Review – Terminator: Dark Fate (2019)

Newcomers to the franchise, Mackenzie Davis and Natalia Reyes, look as befuddled as I was while watching the narrative unfold in Terminator: Dark Fate

Release Date: November 1, 2019

Directed by: Tim Miller

Cast: Linda Hamilton, Arnold Schwarzenegger, Mackenzie Davis

Synopsis: Set over 20 years after the events of T2, an advanced Terminator sent from an apocalyptic future seeks to hunt and kill a target whose very life and existence merits saving.

Rating: 1/4 Stars

[The following review is spoiler-free]

I should have seen it coming. I’ve traveled along the river Denial many times throughout my life, and the Terminator franchise has had its last 16 years go by with attempted fanfare and spectacle only to shed predominant failure and disappointment, one after another. As I entered a near empty theater and watched the film unfold before my very eyes, I was surprised by what I saw and then not surprised by how I felt after. I’ve been here before, and with Terminator: Dark Fate, there seems to be no fate left worth making in this tried and tired universe.

Gabriel Luna, as the formidable Rev-9, goes toe-to-toe with Arnold Schwarzenegger’s T-800 model in Terminator: Dark Fate

A new and dangerous Terminator from the future (Gabriel Luna), decked out with all the latest and greatest features, begins its hunt for the unknowing Dani Ramos (Natalia Reyes), a hardworking, family-oriented seemingly nobody. Meanwhile, Grace (Mackenzie Davis), likewise sent from the future and augmented with enough power to challenge Brie Larson’s Captain Marvel in a spar, hurries to save as the indomitable and deadly Terminator, the Rev-9, moves in for the kill. As Grace serves to protect, familiar characters including a no-nonsense, gun-totting, quip-quipping Sarah Connor (Linda Hamilton) and a mysterious, yet very helpful T-800 model Terminator (Arnold Schwarzenegger) rise to the occasion to offer help on behalf of mankind. As the hunt continues, the stakes increase with more chase and explosions viewers have now come to expect with their blockbusters. Answers are revealed and the stage is set for showdown after showdown until the climactic battle. No new ground here, we’ve all seen this before. Coincidence? I think not.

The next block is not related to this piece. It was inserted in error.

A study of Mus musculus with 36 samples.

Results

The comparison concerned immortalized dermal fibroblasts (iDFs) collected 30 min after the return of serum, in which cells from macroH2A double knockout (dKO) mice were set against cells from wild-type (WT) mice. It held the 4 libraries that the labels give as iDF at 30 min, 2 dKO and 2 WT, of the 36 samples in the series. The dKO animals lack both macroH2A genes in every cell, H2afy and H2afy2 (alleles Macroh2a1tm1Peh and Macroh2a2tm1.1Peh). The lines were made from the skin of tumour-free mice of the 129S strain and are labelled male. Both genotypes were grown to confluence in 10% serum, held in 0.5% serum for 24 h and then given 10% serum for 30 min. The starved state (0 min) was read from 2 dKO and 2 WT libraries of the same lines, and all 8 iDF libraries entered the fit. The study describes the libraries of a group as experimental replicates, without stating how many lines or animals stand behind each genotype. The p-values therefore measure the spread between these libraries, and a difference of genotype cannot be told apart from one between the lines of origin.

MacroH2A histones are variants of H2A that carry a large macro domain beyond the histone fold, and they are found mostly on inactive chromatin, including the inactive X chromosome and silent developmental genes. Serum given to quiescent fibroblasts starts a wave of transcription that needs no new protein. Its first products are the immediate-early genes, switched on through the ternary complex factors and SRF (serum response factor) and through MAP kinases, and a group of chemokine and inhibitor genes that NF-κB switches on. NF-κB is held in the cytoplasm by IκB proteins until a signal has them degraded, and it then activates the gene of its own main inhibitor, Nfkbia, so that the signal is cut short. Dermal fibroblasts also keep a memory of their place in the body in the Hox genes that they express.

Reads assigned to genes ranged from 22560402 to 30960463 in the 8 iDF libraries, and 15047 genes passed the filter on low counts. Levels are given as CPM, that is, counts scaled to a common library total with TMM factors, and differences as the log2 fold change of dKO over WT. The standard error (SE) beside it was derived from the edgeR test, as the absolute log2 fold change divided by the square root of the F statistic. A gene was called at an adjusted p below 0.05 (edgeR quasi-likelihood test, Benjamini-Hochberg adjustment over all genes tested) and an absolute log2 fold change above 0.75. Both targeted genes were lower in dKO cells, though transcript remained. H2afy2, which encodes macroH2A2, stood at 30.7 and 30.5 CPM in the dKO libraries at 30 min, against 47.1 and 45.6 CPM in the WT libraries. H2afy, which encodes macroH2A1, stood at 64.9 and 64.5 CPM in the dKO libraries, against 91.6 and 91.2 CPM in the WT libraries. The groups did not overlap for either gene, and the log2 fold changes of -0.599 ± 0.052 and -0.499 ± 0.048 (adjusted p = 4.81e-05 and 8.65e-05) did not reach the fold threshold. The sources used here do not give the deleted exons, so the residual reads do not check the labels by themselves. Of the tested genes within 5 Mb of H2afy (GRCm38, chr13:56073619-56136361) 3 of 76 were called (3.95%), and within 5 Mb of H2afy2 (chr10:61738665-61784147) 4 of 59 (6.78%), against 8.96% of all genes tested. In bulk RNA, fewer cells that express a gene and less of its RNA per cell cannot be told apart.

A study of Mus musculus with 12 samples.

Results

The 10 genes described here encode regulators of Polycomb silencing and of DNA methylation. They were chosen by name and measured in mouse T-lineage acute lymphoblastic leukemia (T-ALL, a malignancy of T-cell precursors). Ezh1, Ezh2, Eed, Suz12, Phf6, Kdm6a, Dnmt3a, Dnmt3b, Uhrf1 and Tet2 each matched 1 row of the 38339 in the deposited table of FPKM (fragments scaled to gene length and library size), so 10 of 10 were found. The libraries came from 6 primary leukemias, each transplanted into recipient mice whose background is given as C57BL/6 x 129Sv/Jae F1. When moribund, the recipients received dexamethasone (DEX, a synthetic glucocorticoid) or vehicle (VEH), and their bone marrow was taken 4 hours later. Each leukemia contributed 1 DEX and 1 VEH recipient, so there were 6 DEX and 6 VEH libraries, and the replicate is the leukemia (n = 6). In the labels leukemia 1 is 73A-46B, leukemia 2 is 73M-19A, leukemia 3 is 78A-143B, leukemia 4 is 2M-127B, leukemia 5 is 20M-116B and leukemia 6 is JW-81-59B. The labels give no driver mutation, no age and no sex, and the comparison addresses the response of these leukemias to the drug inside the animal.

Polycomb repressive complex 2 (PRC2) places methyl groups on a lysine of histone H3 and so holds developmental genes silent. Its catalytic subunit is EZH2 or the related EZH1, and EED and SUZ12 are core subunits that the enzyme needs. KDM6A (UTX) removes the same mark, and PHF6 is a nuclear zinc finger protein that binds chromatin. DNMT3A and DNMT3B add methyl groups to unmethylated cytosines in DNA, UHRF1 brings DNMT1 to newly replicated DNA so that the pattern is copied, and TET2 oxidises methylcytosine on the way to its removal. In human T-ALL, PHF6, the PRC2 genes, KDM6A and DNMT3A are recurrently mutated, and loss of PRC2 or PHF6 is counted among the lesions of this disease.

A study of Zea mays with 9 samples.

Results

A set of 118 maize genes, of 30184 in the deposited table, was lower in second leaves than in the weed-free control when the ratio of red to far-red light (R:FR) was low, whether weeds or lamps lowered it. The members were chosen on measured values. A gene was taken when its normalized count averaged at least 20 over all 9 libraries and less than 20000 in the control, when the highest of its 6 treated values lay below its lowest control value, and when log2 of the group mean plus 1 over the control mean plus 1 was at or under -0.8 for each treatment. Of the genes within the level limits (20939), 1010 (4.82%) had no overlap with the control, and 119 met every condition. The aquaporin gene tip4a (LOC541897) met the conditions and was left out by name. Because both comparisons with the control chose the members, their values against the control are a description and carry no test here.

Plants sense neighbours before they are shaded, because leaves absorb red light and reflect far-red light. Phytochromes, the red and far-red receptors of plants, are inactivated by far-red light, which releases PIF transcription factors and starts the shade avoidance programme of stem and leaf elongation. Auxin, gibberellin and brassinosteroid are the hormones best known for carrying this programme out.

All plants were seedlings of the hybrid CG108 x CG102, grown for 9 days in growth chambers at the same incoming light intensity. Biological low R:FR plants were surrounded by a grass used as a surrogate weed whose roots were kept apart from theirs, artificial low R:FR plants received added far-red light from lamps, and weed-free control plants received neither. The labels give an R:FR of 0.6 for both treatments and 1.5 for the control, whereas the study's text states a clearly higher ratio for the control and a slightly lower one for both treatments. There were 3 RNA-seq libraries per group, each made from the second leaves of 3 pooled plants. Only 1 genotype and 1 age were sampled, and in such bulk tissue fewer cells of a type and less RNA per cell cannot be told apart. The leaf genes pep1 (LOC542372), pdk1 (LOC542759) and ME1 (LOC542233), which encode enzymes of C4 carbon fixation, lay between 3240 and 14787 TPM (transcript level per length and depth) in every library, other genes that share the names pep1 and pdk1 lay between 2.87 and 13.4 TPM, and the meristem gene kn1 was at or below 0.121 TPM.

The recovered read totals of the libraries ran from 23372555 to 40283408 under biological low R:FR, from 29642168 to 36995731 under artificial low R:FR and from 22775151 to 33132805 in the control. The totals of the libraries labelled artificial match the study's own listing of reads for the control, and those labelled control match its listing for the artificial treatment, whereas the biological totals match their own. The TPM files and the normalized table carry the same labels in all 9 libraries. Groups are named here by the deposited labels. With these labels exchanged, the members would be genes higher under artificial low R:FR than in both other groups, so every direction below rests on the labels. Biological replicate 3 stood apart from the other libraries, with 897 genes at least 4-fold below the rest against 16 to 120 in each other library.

I could go on and on about this film, but most viewers who have been around since the beginning will likely guess where things are going. Certain story elements either don’t make sense and can’t be explained thanks in part to copious amounts of plot holes throughout, or much of the the narrative beats are as disposable and derivative as the rehashed plot from previous entries that Terminator: Dark Fate ends up becoming. Hollow characters abound including both new and returning faces which ultimately leads to a shallow experience. With missed opportunities and poor execution of character moments, genuine investment is lacking thereby leaving me not caring at all. The action is generic, and the set pieces feel like they’ve been copied and pasted from out of the Fast and Furious template. If you like slow-motion as a means to attract your attention during action, you may not find it as detracting as I did; for me, it was everywhere, and the action was undercutted even in some of the more bizzare moments. All I’m going to say is: poor fly.

Linda Hamilton as Sarah Connor, and Natalia Reyes as Dani Ramos in Terminator: Dark Fate

Rarely has there ever been a film I’ve discouraged others from seeing, and for those who are willing to sift through the sandbox of Terminator: Dark Fate, I’m warning you. As a Terminator film, it’s sad and yet simple to say: it sucks. Maybe I’m jaded, but considering the previous three attempts to follow Cameron’s first two, it’s hard not to feel the burn. With a dismal outlook as grim and gray like the future depicted, recent box office receipts point to a similar fate; it’s safe to say that this franchise is dead. However, if there’s anything to learn from the Terminator franchise, old enemies rarely ever die without a fight. There may be some inkling of a narrative left here somewhere like a diamond in the rough, but this time it’s best to bury the corpse before it stinks up the place.

Terminator: Dark Fate is rated R for violence throughout, language and brief nudity.